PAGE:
Leaving Illinois, Now at DC

The week before DC week was kind of like a hectic week. Last Monday and Tuesday were field trip days. Monday was spent in Springfield, Illinois where we visited the Lincoln Presidential Museum. It was definitely a great experience. I loved the 3D theater presentation they had on "Ghosts of the Library". The effects just blew my mind away. Before going to the Museum though, we dropped by New Salem where we were transported back to time in the late 1800s. After the Museum, we all went to the house were Abraham Lincoln lived while he was working as a lawyer in Springfield. Tuesday, we crossed the Mississippi river, went to Duburque, Iowa and visited their Mississippi National River Museum. We also visited Lock and Dam No. 11, one of the dams built over this historic River.

Wednesday morning was spent in a Forest Reserve just within DeKalb county where we planted trees in a wetland within the reserve. The afternoon of the same day was spent for a panel discussion on NGOs.

Thursday was practically a free day for the kids to work on their action plans. I think the Philippines (a.k.a Team Aguila) did a great job in their action plan. It was also during that day when we moved in back at the Holmes Student Center. The night before, my host family cooked a Filipino dish for dinner (pork adobo). They kind of like made some variations but it still tasted delicious. It was a Filipino dinner for me (adobo with fried rice). We exchanged gifts (I gave them a thank you card and my Phil-USA friendship pin). I am thankful to the Kostreys ("Lola Millie and Lolo John") for taking good care of me. They even gave me an old luggage where I can put all the chocolates and toys I bought for the family back home. I am actually anticipating to pay for my excess baggage when I travel back to Bacolod from Manila.

Friday was the day of presentation of the action plans. In the afternoon of Thursday, the Filipino students and I decided to shoot a 3-minute video presenting the aspirations of the Filipino youth. We presented the video after the actual action plan presentation. The kids wore their Yellow Shirts (patriotic and Ninoy shirts) and donned their blue Philippine jackets during their presentation. Our Indonesian friends also wore their red shirts. The Thais came in their usual casual and comfortable attire. The Burmese also made a good presentation. Two kinds of action plans came out: one type focused on Environmental (Thailand and Indonesia) and one type is focused on Civic Responsibility and Education (Burma and Philippines). These two concepts are actually the two major themes of the SEA Youth Leadership Program.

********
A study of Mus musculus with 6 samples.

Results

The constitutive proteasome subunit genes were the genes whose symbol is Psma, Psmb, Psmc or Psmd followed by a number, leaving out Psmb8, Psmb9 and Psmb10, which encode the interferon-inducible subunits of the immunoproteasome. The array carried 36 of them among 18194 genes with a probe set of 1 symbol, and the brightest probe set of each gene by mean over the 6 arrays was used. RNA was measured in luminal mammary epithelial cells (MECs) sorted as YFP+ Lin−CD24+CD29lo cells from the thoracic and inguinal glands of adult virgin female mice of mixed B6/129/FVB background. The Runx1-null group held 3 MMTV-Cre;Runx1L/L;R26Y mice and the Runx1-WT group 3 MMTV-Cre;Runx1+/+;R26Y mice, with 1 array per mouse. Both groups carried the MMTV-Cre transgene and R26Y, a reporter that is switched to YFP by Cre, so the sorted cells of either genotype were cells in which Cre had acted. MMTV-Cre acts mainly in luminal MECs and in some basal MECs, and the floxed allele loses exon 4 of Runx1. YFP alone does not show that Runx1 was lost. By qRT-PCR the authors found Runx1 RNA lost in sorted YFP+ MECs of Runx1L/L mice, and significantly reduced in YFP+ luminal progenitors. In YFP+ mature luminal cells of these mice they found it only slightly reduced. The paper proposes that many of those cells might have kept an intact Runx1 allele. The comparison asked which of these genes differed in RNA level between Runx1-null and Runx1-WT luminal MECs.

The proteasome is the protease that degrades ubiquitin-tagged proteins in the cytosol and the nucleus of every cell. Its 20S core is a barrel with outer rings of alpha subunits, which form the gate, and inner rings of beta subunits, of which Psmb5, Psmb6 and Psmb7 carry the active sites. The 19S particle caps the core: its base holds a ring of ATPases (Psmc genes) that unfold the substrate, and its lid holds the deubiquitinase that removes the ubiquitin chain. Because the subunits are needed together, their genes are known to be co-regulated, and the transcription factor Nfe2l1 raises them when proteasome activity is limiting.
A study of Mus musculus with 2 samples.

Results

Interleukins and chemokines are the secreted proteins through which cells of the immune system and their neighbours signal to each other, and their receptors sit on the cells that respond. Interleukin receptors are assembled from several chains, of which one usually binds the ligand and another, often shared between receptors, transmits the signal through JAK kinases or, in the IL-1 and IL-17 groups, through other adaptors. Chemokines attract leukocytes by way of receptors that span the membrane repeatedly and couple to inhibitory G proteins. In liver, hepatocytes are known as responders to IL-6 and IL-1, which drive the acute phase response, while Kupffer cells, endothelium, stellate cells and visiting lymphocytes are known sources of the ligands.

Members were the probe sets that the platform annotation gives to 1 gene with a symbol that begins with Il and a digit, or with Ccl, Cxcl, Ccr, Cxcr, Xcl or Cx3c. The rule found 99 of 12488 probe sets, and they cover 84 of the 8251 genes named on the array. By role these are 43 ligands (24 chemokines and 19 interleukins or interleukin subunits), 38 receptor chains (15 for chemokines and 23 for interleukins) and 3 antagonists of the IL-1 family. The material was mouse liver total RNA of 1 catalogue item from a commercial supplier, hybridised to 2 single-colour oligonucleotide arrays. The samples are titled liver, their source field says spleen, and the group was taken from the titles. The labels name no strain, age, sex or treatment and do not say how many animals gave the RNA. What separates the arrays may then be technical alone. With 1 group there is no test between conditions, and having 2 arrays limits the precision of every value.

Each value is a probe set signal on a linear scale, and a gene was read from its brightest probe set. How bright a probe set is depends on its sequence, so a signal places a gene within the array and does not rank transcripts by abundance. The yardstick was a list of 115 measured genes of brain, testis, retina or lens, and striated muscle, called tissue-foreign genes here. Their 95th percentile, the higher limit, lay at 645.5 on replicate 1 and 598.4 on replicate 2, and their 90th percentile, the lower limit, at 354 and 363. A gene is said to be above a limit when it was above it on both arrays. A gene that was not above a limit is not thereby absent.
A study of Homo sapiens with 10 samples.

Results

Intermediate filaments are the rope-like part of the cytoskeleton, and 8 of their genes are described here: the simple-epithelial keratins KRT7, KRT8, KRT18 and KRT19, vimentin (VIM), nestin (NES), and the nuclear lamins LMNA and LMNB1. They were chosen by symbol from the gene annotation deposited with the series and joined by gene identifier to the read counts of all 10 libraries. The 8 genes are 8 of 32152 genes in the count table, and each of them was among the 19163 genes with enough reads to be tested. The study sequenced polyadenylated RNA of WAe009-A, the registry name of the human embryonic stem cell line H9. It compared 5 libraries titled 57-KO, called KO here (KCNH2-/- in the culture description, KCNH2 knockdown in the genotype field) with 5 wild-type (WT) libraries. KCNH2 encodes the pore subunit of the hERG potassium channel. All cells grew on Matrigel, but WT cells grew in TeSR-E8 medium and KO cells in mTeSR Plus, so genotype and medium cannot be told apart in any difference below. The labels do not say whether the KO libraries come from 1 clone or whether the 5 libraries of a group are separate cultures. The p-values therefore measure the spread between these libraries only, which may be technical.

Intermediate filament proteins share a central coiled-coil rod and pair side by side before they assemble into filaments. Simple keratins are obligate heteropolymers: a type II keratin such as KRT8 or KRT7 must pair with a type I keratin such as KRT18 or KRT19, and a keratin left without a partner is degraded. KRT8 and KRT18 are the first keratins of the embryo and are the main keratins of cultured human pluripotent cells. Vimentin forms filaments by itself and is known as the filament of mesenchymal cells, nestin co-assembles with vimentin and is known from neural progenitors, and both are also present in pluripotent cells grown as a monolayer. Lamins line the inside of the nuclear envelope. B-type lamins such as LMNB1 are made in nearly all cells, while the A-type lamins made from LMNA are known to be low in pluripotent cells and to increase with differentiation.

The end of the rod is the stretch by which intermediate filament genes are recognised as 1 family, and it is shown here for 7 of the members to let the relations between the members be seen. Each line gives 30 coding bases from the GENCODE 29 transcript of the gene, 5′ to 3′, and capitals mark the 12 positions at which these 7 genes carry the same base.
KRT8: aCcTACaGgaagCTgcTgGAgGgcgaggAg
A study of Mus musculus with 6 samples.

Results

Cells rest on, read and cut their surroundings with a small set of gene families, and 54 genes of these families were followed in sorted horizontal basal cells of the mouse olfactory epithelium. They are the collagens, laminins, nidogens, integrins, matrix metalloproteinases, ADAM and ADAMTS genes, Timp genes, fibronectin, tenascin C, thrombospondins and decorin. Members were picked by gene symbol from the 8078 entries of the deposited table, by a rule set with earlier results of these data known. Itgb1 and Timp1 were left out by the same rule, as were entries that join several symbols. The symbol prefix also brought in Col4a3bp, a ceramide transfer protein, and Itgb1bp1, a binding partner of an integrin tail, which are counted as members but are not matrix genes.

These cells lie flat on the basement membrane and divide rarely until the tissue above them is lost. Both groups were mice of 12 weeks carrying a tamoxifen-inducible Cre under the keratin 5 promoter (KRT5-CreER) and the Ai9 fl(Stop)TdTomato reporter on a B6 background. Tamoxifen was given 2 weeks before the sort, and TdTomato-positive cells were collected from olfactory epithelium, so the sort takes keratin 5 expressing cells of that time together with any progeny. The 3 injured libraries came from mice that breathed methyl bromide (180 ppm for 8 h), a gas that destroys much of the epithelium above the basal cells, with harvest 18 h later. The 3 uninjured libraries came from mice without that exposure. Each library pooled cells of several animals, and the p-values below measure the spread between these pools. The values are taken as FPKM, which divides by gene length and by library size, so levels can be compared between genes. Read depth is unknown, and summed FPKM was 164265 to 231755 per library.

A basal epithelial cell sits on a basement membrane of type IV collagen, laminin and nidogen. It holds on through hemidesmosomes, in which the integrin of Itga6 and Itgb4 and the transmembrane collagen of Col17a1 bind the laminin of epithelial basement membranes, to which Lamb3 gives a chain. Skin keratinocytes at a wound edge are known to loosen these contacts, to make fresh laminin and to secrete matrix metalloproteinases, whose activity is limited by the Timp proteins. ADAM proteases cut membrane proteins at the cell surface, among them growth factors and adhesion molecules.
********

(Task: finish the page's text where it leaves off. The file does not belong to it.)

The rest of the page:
The Friday dinner was more of a farewell and thank you dinner to our host families. I was able to meet the Kostreys for the last time before we leave for DC the next day. I gave them another gift: a picture frame dotted with endemic shells from the Philippines. During the actual farewell, it was emotional for the kids and their host families. Somehow, these kids have been attached to their American families for the past 10 days and I am pretty sure the same thing can be said about their host families. We all thank them for their wonderful hospitality. I approached the host families of my students and thanked them for taking good care of them.

Now, I am blogging from Maryland, at the National 4-H Center, almost tired from carrying 2 50-lb luggages, and 4 small carry on bags. I would definitely need a good night's sleep. Another hectic day tomorrow but it will be less mentally straining now.

One week from now I will be back in Bacolod, perhaps more inspired than ever to continue the road which I have chosen for myself. I am thankful to the Lord for taking care of my family while I am away.

I can't wait to be back in the Philippines.